Quick Hits: BEA

A few more random thoughts about BookExpo America:

*I love the D&Q catalog, one big fold out poster featuring artwork from and descriptions of their 2006 graphic novel releases. While the format is a bit unorthodox, catalogs like this are pretty much invaluable when it comes to companies like D&Q, Fantagraphics and First Second since we don't order those through Diamond. They also give a much better idea of what to expect from the books than Previews. On top of that, they really show off the level of planning that they put into developing their lines.

*It was interesting to see a bit of role reversal for the "mainstream" comics publishers at BEA. Neither Marvel nor DC had advance copies of anything (or at least neither had any available on Sunday) and Marvel in particular seemed to be seriously outclassed by D&Q, Fantagraphics, TokyoPop, Viz, First Second and even Dark Horse. Marvel's booth was barely a presence, unmanned and relatively bare (though I've heard reports that there was much more to it on Friday and Saturday). Meanwhile DC did better, clearly shelling out some serious money for their booth and giving away a wide assortment of product, not to mention a product catalog. I don't know, I guess as a Direct Market retailer I should be upset that DC is putting so much effort into expanding their bookstore sales, but it really doesn't bother me in the slightest. It seems to me that I'm not really competing with a general bookstore because we're talking about such a niche market. Our customers know that 99% of the titles they can find at Barnes & Noble are going to be on our shelves and while the reverse is far from true. Even so, were I a general bookstore owner, I would have come away from BEA with the feeling that Marvel and to a lesser extent DC did not have much of a publishing plan.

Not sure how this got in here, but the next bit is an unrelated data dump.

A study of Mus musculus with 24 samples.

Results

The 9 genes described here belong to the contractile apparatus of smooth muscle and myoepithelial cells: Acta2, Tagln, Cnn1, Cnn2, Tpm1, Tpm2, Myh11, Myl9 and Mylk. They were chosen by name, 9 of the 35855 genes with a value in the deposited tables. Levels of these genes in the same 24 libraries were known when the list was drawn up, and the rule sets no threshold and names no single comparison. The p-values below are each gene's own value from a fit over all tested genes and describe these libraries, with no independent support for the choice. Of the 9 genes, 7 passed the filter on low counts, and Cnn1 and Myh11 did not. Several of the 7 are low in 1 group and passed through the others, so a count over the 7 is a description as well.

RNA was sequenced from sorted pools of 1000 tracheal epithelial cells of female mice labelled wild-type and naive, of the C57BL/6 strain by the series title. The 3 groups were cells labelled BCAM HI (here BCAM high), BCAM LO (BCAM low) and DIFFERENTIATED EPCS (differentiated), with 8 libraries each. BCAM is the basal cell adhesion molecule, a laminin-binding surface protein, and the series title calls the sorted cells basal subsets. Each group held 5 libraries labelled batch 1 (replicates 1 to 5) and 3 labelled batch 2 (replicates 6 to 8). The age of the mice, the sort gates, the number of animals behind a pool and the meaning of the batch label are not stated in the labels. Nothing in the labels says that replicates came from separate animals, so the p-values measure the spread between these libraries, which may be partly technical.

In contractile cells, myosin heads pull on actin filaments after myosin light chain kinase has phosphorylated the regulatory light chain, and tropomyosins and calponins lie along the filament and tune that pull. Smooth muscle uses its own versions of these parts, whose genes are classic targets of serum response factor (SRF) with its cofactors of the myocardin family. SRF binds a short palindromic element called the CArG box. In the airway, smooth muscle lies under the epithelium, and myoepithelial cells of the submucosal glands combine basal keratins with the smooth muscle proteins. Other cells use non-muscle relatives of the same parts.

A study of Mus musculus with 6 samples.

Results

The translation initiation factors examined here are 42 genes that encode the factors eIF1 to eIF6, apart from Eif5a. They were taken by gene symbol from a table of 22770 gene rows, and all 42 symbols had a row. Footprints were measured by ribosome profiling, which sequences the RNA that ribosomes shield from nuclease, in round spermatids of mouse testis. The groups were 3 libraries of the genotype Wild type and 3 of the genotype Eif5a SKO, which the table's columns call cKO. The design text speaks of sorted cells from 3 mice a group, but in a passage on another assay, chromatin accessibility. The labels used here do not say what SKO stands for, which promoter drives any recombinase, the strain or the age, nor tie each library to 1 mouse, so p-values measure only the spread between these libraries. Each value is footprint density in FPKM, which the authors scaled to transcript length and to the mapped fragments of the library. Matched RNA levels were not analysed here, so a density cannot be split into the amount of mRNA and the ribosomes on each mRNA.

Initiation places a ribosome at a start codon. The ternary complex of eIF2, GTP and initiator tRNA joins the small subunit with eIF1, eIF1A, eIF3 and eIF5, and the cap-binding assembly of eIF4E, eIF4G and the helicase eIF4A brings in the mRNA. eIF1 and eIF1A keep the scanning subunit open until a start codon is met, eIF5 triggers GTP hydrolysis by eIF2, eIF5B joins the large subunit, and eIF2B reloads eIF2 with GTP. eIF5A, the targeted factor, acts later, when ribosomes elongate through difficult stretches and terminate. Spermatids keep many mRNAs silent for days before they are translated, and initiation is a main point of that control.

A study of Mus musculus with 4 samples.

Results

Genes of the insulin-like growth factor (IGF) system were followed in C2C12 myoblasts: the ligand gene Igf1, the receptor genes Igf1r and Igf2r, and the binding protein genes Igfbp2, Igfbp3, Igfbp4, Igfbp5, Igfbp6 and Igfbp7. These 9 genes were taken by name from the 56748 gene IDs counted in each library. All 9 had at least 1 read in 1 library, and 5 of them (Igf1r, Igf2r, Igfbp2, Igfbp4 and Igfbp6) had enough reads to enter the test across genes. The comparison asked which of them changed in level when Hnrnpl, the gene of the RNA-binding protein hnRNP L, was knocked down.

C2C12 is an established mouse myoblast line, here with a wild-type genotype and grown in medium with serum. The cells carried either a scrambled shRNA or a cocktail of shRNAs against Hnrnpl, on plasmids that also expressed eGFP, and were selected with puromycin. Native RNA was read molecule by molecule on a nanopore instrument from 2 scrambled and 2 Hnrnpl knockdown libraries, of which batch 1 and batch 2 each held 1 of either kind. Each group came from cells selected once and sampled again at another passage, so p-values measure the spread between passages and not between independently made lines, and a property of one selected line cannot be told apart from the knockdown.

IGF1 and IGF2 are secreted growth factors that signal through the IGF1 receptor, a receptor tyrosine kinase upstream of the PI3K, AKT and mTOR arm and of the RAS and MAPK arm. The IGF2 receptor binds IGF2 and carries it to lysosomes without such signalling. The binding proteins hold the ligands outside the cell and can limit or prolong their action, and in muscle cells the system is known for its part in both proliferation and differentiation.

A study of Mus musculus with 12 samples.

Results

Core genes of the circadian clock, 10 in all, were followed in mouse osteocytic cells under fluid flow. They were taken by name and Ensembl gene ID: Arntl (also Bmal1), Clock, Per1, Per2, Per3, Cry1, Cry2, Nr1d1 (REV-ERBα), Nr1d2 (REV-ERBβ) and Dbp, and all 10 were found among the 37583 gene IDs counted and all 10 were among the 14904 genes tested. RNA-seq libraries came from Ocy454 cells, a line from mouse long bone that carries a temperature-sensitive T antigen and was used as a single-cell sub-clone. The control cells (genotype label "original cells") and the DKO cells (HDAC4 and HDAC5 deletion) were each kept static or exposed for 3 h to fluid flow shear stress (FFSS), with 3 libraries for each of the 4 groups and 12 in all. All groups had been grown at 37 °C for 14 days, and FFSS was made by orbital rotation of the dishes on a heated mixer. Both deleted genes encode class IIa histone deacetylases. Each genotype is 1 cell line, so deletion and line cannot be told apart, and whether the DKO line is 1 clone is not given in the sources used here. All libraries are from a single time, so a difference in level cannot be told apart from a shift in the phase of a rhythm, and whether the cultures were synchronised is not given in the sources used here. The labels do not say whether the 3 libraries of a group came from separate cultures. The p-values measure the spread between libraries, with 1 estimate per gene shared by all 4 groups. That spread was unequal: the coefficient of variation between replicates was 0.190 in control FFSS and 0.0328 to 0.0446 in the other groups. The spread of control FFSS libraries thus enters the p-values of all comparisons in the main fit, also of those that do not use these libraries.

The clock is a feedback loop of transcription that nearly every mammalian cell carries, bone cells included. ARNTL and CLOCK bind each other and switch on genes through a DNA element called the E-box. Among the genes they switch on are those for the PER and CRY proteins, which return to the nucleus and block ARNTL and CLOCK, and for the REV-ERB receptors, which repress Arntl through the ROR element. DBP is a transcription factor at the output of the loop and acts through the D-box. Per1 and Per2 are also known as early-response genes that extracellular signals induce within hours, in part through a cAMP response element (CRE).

*Most interesting freebie was a DVD promoting Alison Bechdel's Fun Home. Houghton Mifflin had galleys available as well (long gone by Sunday), but the DVD featured three video clips explaining the concept and background of the book, and a particularly interesting "how to" clip wherein Bechdel explained how she acted out each scene and used reference photos when drawing the book. This is a book with the potential to be huge and Houghton-Mifflin is pushing it as the next Persepolis.